I have no words as I lost my brother yesterday afternoon. In remembrance of his beauty and bravery of fighting the battle for his life, I am posting this essay I wrote about him. I wrote this on the prompt “Reflections on green” , and it was published on Women’s Memoirs. I posted a link to it at the bottom of another post a few weeks ago so you may have already read it. My dear sweet Monte, I will cherish the memories and love you forever.
Though he was ten years older, I still tagged along in his lush world as often as he allowed. We ventured from tranquil ponds and running streams to the thick forests of pine and fern to the flourishing meadows below our house.
We frequently circled the reservoir, taking in the frosty fragrance of the surrounding mint. Monte would reach his hand over the concrete ledge to pull me up those last treacherous lichen entombed stones. Together, we leaned over the mossy water and watched the tadpoles scurry between our grasping fingers. We’d slide our fingers over the velvety algae coated sides of the reservoir and pull up strings of deep green slime and toss them to the center of the aqua pool, watching the fish nibble at our meager morsels.
I was forbidden to swim there. It could have been the age difference or the fact that he was a boy that gave him the approval of my parents. I watched him dive and whirl in the crisp cool water throughout those hot summer months. From the sides, I kicked and splashed with hopes of connecting with him through the deep. Our laughter rippled like the water’s surface and echoed through the grove of poplar and oak. I lived for the times Monte placed me on his lap and paddled the inner tube across those forbidden waters. Unlike my mother, I never feared we’d drown.
We moved on from the reservoir to the emerald pools of the soapstone quarries. Again, I was not allowed to swim. I lived through my brother. I watched him search for treasure beneath the giant boulders. I held my breath and tasted the earthy bottom in his every dive. My body sighed in relief each time I saw his bubbles burst upon the surface. I heard the tiny plops as the fish emerged around the whoosh of his rising body. I inhaled the pungent sediment from the murky bottom as he stepped from the water. The cool breeze whipped against my bare legs as he shook the water from his skin. I both envied his freedom and exhilarated in his experiences.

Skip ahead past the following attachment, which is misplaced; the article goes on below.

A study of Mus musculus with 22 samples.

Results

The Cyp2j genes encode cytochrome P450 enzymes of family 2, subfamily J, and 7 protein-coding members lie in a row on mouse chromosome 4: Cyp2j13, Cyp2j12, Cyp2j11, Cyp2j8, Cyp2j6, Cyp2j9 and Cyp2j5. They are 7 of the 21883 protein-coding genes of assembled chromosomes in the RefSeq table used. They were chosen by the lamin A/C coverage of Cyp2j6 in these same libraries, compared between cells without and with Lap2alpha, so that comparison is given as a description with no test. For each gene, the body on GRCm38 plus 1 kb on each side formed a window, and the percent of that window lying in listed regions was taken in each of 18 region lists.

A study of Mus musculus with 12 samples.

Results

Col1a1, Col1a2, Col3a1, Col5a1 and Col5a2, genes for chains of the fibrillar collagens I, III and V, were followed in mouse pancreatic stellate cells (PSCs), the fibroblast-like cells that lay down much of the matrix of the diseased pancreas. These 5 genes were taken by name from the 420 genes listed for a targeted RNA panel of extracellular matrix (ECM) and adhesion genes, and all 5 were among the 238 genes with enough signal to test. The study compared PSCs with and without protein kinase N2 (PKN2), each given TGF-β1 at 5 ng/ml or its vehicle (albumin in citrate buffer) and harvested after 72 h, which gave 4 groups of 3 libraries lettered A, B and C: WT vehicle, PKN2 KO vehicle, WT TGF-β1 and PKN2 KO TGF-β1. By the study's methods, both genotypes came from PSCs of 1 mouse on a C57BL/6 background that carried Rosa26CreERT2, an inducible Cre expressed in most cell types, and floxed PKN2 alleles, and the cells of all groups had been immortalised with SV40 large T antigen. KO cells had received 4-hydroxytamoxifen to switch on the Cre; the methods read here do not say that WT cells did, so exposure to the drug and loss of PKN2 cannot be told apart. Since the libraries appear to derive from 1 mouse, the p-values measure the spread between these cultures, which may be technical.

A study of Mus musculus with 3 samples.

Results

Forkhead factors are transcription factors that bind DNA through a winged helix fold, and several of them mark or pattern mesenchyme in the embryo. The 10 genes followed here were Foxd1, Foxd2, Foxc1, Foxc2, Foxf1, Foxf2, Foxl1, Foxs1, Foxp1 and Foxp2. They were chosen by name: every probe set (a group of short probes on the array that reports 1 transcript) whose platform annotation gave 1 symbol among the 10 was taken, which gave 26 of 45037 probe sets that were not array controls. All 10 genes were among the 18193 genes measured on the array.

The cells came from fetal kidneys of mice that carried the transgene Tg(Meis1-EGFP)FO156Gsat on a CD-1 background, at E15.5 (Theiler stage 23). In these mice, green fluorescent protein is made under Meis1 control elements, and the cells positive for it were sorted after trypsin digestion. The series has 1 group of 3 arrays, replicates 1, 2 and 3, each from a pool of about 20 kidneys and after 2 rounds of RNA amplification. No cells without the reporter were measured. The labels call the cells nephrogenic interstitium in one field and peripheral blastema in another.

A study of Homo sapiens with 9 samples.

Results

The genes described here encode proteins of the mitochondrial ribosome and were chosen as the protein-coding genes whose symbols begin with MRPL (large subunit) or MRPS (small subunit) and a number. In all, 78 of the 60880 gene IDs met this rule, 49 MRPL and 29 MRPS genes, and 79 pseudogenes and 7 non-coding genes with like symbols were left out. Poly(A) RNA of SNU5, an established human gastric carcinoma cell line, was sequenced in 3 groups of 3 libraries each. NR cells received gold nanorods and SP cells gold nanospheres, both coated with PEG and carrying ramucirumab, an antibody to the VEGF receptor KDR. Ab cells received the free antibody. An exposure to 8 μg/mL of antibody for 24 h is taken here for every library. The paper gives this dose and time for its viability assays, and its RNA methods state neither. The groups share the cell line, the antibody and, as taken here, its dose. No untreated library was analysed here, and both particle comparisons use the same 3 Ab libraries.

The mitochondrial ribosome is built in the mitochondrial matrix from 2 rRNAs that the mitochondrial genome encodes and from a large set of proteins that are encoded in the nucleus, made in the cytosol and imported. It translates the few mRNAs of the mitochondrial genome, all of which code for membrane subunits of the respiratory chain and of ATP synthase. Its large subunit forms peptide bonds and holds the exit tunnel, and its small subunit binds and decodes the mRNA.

I was still quite young when he moved away. Minnow bucket and fishing reel in tow, he popped in throughout the years. I was finally allowed to swim, but splashing and diving had been replaced with fishing. I never really liked fishing, but still I tagged along. We sat there, side by side; he in his world and me in mine. When I found my own freedom, I dropped fishing all together.
Bound by blood and water, we continued to live out our days. He cast his line from river bank to river bank, and I drifted out to sea. He ground his boat upon the rocks and decided he was not a seafaring man. I refused to spend my afternoons on a riverbank with minnows and worms when my peace was found Oceanside.
Though we never connected in the deep as I’d hoped, I see his reflection all over my life as we are here so many years later being pulled in and pushed out by the tide. We are both fighting against the crashing of the waves as they are pounding upon my brother. Cancer. Terminal. Growing rapidly. One month. I feel like we are drowning. My mother’s fear has come back to haunt me. I fail to see the green in this situation. Cancer is black, pulling us under, as slick and unyielding as an oil spill. I ramble through the leaves of memory, knowing there is no return to our verdant days of childhood innocence. I fling my memories in with the minnows, nibbling away at me, and together they dart in and out of my heart. If the roles were reversed, Monte would tell me to climb on his tube and hold on tightly.
I have no lifeline for my brother to hang onto, only my hand. No matter how swiftly the river runs, I’ll hold him as the river twists and turns through the grassy fields on his way back home.